AN angry white van driver has been jailed for ramming a horse and terrified rider in a "road rage" attack.
Father-of-five, Nadeem Hussain, 31, reversed towards university student Charlotte Watmough and her horse Merlin in a country lane after she signalled for him to slow down.
The frightened animal was pushed into a wall, panicked and reared up. Miss Watmough, who lost her stirrups, had to fight to cling on to him, Burnley Crown Court heard.
The hearing was told that after the collision, Merlin was seen by a vet who found he had suffered bruising to his fetlock. He reported the animal was nervous and jumpy. Miss Watmough, 20, was left with a sore left arm, shoulders and neck, caused by the force with which she had had to hold on to Merlin.
Hussain, of Park Road, Accrington, admitted dangerous driving last June.
He was jailed for 10 months, banned from driving for a year and must take an extended retest.
Judge Beverley Lunt told the defendent said: "You behaved like a bully. You used your vehicle to intimidate and threaten. That's like using it as a weapon.”
After the sentence, Miss Watmough, of Park Street, Haslingden, said she had been left extremely shaken by the attack.
She also called on drivers to show more respect to riders.
Miss Watmough said: “Because Merlin was rearing up, I just hung on trying to control him. I thought I was going to get trodden on or run over by the van.
"I didn't think he would stop until either I or Merlin was on the floor.
"I couldn't sleep for about a week afterwards. I just kept waking up crying and I was referred to counselling by my doctor. It still upsets me and I'm nervous when I go out riding.”
Sarah Johnston, prosecuting, said Miss Watmough described herself as an experienced rider, having ridden almost every day for 16 years.
She was wearing a specialised hat and a high visibility vest.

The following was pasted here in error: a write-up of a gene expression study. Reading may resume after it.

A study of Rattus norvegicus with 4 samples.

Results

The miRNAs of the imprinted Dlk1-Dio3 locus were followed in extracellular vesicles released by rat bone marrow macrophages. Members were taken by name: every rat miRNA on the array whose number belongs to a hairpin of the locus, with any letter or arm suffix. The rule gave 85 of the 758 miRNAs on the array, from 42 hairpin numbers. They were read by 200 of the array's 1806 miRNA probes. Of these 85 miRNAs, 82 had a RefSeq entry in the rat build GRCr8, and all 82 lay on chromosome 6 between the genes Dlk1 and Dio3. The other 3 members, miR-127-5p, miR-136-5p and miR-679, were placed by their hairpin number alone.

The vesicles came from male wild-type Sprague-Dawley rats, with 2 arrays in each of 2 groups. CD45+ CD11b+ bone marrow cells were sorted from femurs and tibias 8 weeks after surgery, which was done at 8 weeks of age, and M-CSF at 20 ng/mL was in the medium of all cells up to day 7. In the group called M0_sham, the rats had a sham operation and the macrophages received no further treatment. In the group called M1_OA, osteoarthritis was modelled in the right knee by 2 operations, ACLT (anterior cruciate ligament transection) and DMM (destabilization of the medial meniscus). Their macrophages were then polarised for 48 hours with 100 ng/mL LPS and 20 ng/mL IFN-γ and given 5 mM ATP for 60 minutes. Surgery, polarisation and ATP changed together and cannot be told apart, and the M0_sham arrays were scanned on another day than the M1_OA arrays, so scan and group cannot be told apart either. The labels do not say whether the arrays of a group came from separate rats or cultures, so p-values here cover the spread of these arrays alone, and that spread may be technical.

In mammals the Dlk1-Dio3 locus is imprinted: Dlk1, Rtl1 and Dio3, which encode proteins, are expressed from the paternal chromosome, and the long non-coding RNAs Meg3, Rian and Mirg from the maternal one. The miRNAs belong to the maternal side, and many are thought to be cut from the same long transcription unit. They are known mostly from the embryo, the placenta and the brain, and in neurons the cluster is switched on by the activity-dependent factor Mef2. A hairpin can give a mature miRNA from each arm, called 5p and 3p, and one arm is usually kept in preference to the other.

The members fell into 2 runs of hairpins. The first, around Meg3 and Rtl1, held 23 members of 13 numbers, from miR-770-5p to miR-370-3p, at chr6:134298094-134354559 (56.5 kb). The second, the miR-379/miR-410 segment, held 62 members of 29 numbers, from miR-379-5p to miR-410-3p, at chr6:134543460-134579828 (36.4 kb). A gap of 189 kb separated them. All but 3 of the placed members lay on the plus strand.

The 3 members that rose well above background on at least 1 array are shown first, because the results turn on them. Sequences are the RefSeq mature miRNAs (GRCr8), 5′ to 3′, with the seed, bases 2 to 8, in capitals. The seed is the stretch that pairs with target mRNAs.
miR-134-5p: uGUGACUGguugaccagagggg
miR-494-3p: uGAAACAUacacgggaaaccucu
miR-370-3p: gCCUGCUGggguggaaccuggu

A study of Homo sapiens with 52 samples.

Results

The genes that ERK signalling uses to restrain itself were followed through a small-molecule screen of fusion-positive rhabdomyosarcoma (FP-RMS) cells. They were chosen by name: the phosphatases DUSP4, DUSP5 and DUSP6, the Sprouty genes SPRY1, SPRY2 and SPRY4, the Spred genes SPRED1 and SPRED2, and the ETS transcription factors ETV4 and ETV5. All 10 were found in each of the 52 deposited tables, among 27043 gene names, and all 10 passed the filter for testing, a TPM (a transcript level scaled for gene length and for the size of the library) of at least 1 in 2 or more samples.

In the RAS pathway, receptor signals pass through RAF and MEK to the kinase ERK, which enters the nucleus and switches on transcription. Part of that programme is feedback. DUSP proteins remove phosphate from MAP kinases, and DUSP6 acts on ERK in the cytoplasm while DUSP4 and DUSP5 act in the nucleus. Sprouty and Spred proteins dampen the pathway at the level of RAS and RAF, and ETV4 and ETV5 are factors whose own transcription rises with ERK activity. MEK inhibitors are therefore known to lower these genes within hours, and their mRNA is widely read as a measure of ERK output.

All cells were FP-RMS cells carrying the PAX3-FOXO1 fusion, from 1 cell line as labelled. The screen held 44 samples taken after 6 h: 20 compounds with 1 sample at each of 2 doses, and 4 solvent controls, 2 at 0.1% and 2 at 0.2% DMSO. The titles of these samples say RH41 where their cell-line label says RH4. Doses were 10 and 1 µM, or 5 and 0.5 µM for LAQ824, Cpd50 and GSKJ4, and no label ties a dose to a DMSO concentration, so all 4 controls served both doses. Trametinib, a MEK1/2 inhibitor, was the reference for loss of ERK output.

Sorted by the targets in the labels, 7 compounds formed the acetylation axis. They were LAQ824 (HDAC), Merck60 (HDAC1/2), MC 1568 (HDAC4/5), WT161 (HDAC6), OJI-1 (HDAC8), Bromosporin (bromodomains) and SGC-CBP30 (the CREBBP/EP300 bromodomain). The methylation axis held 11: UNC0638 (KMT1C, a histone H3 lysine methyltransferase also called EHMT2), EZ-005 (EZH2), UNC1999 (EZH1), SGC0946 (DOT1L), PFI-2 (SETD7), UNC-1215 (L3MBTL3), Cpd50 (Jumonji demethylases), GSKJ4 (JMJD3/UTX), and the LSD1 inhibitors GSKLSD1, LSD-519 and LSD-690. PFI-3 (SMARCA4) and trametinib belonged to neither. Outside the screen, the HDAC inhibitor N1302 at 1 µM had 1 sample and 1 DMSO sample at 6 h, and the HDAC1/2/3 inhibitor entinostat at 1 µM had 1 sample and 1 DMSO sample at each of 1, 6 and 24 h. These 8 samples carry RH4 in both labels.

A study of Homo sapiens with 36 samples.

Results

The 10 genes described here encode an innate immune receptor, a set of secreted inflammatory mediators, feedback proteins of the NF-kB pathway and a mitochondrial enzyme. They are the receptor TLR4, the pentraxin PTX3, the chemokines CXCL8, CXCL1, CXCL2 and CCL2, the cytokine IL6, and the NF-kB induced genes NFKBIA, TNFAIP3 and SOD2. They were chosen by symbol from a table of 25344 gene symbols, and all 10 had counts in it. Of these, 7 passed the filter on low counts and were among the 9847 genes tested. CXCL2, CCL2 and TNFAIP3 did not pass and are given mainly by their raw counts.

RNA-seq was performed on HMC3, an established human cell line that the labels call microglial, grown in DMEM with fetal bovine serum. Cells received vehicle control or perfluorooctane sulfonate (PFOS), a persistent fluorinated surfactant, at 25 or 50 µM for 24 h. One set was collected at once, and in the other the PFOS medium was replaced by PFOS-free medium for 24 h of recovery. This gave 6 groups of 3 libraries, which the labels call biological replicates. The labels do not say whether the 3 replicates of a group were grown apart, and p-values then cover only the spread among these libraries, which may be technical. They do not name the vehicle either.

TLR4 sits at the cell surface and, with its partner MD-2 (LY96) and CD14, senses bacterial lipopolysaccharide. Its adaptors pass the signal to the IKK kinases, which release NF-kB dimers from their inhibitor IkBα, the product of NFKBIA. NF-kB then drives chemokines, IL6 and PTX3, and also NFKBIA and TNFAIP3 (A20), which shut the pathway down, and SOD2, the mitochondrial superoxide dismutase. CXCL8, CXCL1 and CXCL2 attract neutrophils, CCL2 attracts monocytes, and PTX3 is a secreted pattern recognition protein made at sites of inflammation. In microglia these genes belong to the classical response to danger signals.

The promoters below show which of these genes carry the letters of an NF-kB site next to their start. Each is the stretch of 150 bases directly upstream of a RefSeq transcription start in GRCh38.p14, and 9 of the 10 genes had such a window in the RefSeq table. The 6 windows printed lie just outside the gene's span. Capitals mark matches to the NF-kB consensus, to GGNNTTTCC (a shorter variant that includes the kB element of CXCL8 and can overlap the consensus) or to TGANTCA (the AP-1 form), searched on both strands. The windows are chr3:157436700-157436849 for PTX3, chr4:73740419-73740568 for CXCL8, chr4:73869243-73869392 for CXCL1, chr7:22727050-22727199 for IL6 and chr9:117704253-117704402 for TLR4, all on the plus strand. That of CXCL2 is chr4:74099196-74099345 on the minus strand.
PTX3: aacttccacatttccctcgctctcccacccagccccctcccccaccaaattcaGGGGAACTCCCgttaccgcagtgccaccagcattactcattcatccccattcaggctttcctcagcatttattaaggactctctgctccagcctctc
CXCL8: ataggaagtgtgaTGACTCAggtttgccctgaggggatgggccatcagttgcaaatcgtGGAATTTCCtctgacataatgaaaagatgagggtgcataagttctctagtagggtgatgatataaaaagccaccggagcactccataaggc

Miss Watmough was riding her 12-year-old horse in Back Lane, Baxenden, when a small white van come round a bend in front of her and instead of slowing down, approached her at some speed, drawing parallel with her and her horse.
Miss Johnston said Miss Watmough had put up her right hand, with her palm out flat, to signal to the driver to slow down, but he made no effort to do so and then skidded to a halt.
She had tucked Merlin in as far as possible and was effectively looking down on the van roof. At the time the horse was not frightened, as he was used to vehicles and traffic.
Hussain got out, words were exchanged and he was said to have threatened to ram the horse with his van.
The court heard he was aggressive, Miss Watmough was scared and explained all she had intended by her gesture was to invite him to slow down.
The defendant got back in his van, drove forward ten to 12 feet, slammed on his brakes and then reversed towards the horse, pushing him into a wall. The defendant then drove off.
Miss Watmough had noted Hussain's registration number and he was traced and later arrested and questioned . He accepted there had been an "altercation" but initially denied getting out of his vehicle or reversing into the horse.
Martin Hackett, for Hussain, said he accepted reversing towards the animal and rider was dangerous and likely to frighten the horse. He did not deliberately aim for the animal.
The barrister said: "This was an unpleasant incident, where the complainant and horse were put in fear."
Sentencing him Judge Lunt told the defendant he had intended to frighten the horse and rider and his actions could have had very serious consequences.
She said: “People who lose their temper and use their cars to threaten and intimidate, and where they cause fear and harm, must understand the consequences will be severe."
Following the case Miss Watmough, a former Haslingden High School pupil, said: "The ordeal really affected me. He clearly had no respect for women or animals.
"Every time we see a white van now, Merlin flinches."
Countryside campaigner and Cliviger councillor Cosima Towneley said drivers needed to show respect to other road users.
She said: "On the whole motorists are sensible, but some have no patience. Horse riders are very very vulnerable - overtaking them properly could be the different between life and death.
"Horses react, unlike a car, and people need to see them as animals."